Dispersion interactions play a key role in determining the physical
and chemical properties of weakly bonded systems, e.g.,
molecular crystals, as well as in a number of fundamental
phenomena, for example, adhesion, physical adsorption, and
wetting of surfaces. The dispersion contribution to vdW
interactions is difficult to describe with the available quantum
simulation techniques, either based on density functional theory
or on quantum chemistry methods.
We are investigating ways of computing dispersion forces using
techniques based on exact exchange (EXX) and RPA (that is a
description of the correlation energy within the random phase
approximation), and on approximate, vdW functionals. We have
also explored the applicability of quantum monte carlo.
Carbon Nanotubes-polymer composites
The ability to effectively disperse and separate high purity semiconducting single walled
carbon nanotubes (SWNTs) is crucial for thin film electronics applications.
The group of Prof. Z. Bao at Stanford University has shown that the polymer
regioregular poly(3-alkylthiophene)s may be used to sort sc-SNWTs. Through
rational selection of polymers, solvent and temperature,
they achieved highly selective dispersion of sc-SNWTs.
The approach also enables direct film preparation after a simple
centrifugation step, thus omitting the need for tedious polymer removal.
We used first principle calculations and a geometric model to build a structural
model of the polymer wrapped around the nanotube and to rationalize Raman measurements.
"Dispersion of single walled carbon nanotubes in amidine solvents"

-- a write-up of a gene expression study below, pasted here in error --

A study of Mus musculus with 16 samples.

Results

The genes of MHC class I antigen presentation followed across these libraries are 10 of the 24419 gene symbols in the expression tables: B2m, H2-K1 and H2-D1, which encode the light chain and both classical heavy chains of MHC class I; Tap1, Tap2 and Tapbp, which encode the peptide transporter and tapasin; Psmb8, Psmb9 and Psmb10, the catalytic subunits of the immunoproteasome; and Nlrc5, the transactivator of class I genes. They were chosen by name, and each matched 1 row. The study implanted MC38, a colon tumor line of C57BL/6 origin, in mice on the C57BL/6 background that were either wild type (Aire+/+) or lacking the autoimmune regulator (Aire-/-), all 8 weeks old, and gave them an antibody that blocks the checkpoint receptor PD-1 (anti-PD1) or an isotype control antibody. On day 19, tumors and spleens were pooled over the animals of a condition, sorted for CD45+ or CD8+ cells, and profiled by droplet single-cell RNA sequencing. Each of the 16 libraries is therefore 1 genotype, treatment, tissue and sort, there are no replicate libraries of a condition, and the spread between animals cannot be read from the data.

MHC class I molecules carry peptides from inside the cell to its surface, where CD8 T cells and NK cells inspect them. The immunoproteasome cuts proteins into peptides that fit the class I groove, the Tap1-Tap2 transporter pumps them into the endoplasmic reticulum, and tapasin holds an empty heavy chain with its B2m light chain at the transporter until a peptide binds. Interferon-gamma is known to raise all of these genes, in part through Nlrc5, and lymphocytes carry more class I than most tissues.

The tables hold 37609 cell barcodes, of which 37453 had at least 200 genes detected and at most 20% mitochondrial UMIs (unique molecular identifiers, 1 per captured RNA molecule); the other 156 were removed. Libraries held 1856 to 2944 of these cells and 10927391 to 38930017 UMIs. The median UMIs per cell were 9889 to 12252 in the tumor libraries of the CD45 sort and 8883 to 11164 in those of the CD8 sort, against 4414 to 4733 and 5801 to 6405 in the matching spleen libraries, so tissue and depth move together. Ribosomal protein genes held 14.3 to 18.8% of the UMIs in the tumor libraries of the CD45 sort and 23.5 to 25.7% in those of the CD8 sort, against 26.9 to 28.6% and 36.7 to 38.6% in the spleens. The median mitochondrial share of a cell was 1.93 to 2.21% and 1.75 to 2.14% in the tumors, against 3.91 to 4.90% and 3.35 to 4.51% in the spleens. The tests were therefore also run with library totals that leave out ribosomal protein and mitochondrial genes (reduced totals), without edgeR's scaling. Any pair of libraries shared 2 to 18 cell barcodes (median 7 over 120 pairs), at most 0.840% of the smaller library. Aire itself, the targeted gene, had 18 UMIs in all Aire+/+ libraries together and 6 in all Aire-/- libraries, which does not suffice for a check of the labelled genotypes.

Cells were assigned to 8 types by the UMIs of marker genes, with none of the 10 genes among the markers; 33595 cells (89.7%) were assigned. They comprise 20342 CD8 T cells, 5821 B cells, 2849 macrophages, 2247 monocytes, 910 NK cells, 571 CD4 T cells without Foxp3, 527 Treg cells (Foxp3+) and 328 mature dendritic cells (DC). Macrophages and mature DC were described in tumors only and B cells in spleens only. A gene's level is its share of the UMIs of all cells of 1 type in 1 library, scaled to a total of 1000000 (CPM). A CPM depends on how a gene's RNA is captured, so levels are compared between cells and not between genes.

Soumendra N. Barman, Ding Pan, Michael Vosgueritchian, Arjan P. Zoombelt, Giulia Galli and Zhenan Bao
Nanotechnology23, 344011 (2012)
"Selective dispersion of high purity semiconducting single walled
carbon nanotubes with regioregular poly(3-alkylthiophene)s"
H. W. Lee, Y. Yoon, S. Park, J. H. Oh, S. H. Hong, L. S. Liyanage, H. Wang, S. Morishita,
N. Patil, Y. J. Park, J. J. Park, A. Spakowitz, G. Galli, F. Gygi, P. Wong, J. B.-H. Tok,
J. M. Kim, Z. Bao,
Nature Commun.2, 541 (2011)
Using EXX/RPA, we investigated intermolecular interactions in three
different types of molecular systems: the benzene and methane crystals
and self-assembled monolayers of phenylenediisocyanide, which involve
aromatic rings, sp3 C-H bonds, and isocyanide triple bonds, respectively.
The EXX/RPA perturbative approach yields structural properties in
agreement with experiment, however binding energies tend to be
underestimated. The dependence of results on input wavefunctions was
investigated for specific system.
"Dispersion Interactions and Vibrational Effects in Ice as a Function of Pressure: A First Principles Study",
Eamonn D. Murray and Giulia Galli,
Phys. Rev. Lett.108, 105502 (2012)
We investigated the connection, at the theoretical level, between EXX/
RPA and vdW-Density Functionals, as well as the importance of considering
third order terms in perturbative expansions of correlation energies. Our
study of rare gas and alkaline-earth dimers show that perturbative EXX/RPA
gives reasonable results, however in some cases (e.g. Be2) one may need to
include self-consistency. Work is in progress to derive a self-consistent EXX/RPA scheme.
"Power series expansion of the RPA correlation energy: The role of the third- and higher-order contributions",
D. Lu, H-V Nguyen and G. Galli,
J. Chem. Phys.133, 154110 (2010)
"A first-principles study of weakly bound molecules using exact exchange and the Random Phase Approximation ",
H-V Nguyen and G. Galli,
J. Chem .Phys132, 044109 (2010)
The excitement generated by the ability to fabricate graphene layers has
renewed interest in weak interactions in graphitic systems. Unfortunately,
the nature and strength of binding in graphitic materials are poorly
understood. For example, large uncertainties are associated with
measurements of a fundamental physical quantity such as the strength
of interlayer binding in graphite. We have computed the binding energy
between graphite layers using quantum monte carlo. Our results are in
good agreement with most recent experiments, and provide a benchmark
value for future calculations and further experimental measurements.
The interaction energy between planes varies, as a function of distance,
with a power law close to that found for two semiconducting planes.